Operation Medicine Cabinet Saturday, Oct. 10 To Help Save Kids, Rivers From Drugs

Published Monday, September 28, 2015 at 6:38 am

Operation Medicine Cabinet Logo

Six years ago, on Oct. 3, 2009, a broad coalition of community partners came together to create the first ever prescription drug take-back day in the High Country. Since that first event a total of 12 “Operation Medicine Cabinet” events have been held every May and October as part of the Watauga County household hazardous waste day with a total of over 1.5 million pills disposed of properly.

The disposal of prescription drugs has long been a dilemma, and many medicine cabinets contain unused or outdated medications. Among teenagers, the fastest growing illegal drug use is the abuse of prescription drugs. The most common method of obtaining prescription drugs is by raiding the medicine cabinet of a friend or family, then consuming the pills or selling them.

“From a law enforcement perspective, one of our most important jobs is to work diligently and proactively to prevent drug abuse,” said Watauga County Sheriff Len D. Hagaman. “By hosting an amnesty day that allows the public to turn in any kind of unused or unwanted medications, hopefully, we will keep those drugs off the street and out of the hands of children.”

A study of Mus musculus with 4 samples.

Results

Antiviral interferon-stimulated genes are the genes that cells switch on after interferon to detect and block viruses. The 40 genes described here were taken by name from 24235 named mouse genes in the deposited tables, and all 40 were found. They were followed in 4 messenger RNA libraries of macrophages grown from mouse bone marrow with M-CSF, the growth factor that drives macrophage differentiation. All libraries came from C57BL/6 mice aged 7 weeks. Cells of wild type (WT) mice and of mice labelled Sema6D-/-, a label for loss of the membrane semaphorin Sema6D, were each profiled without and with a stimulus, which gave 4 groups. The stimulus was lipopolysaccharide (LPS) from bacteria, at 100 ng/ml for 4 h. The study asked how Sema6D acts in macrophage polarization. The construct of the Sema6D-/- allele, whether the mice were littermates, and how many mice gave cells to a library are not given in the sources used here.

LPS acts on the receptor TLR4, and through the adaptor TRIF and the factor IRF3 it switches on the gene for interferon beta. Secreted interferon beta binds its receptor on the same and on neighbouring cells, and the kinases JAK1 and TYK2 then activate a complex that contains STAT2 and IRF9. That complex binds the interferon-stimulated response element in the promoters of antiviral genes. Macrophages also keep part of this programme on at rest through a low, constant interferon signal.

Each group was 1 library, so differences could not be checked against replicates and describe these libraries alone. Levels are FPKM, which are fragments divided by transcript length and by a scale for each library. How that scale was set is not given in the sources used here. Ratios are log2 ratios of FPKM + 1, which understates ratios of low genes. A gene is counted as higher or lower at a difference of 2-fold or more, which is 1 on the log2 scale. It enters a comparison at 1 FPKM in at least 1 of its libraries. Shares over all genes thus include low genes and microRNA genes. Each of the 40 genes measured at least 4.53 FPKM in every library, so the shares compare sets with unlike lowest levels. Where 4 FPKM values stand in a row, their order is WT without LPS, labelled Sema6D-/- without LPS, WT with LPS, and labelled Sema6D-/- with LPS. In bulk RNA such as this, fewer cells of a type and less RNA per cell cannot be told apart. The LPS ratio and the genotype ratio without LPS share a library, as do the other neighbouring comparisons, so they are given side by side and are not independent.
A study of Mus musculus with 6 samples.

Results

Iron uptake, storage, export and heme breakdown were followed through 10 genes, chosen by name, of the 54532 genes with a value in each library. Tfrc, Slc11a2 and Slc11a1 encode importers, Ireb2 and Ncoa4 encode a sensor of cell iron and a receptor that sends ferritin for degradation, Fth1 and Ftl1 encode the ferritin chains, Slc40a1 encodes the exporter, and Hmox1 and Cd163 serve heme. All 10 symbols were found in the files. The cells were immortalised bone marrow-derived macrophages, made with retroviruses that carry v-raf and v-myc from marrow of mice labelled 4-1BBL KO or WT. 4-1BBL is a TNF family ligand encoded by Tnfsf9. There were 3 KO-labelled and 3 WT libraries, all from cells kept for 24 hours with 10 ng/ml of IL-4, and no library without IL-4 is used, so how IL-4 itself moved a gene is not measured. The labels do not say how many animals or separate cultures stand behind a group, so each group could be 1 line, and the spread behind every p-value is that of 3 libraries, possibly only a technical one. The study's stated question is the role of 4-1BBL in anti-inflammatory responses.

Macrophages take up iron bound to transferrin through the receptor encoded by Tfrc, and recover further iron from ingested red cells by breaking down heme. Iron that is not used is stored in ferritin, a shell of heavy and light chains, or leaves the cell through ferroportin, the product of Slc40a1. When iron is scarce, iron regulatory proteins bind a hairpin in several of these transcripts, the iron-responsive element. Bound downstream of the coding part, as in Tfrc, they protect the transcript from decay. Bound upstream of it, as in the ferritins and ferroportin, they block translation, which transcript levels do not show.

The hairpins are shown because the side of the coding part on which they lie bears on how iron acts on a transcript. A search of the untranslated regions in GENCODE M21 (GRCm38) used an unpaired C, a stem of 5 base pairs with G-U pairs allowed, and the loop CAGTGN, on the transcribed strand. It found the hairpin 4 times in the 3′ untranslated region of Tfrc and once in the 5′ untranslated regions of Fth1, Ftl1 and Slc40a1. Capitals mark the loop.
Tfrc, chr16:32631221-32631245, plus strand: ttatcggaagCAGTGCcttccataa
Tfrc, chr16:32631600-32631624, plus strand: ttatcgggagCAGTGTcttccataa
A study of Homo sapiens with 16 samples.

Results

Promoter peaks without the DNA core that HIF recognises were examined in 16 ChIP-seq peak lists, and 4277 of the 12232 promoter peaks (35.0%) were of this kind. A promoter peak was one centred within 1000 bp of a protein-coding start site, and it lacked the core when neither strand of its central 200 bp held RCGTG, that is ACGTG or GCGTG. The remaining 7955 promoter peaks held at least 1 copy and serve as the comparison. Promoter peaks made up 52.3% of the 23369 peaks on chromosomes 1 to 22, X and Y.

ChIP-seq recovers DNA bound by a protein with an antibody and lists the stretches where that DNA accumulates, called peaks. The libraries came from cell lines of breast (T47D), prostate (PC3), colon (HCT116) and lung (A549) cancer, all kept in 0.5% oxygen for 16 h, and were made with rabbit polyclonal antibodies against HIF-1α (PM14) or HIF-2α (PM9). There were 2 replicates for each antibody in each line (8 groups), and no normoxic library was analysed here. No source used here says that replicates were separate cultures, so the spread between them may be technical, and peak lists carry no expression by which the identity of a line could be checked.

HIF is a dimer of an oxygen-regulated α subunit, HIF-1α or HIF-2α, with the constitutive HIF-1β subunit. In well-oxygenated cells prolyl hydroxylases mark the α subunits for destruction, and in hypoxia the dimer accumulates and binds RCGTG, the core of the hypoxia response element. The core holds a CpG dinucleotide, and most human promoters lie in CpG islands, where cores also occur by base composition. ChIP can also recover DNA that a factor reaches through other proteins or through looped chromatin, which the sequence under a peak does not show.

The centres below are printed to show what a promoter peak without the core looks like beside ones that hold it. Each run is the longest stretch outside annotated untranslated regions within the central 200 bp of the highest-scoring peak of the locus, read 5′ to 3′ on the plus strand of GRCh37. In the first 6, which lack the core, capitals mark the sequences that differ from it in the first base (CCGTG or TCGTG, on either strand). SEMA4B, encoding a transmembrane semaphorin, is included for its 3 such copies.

Another problem with outdated or unused prescription drugs is that people dispose of them improperly by flushing them down the toilet.   If their home is connected to a local waste water treatment facility, then the drugs wind up in either the Watauga River or New River where they can negatively affect aquatic organisms. If the homes have septic tanks, the drugs leach into the soils and contaminate groundwater that can be taken up by well pumps.

“It has been very rewarding to see how enthusiastically people have united to support Operation Medicine Cabinet,” said Dick and Joan Hearn of the Watauga River Partners.   If you can’t make it out to Operation Medicine Cabinet you can drop off unused medicines any day of the year at the Watauga County Sheriff’s Office or the Town of Boone Police Department, thanks to funding from Project Lazarus.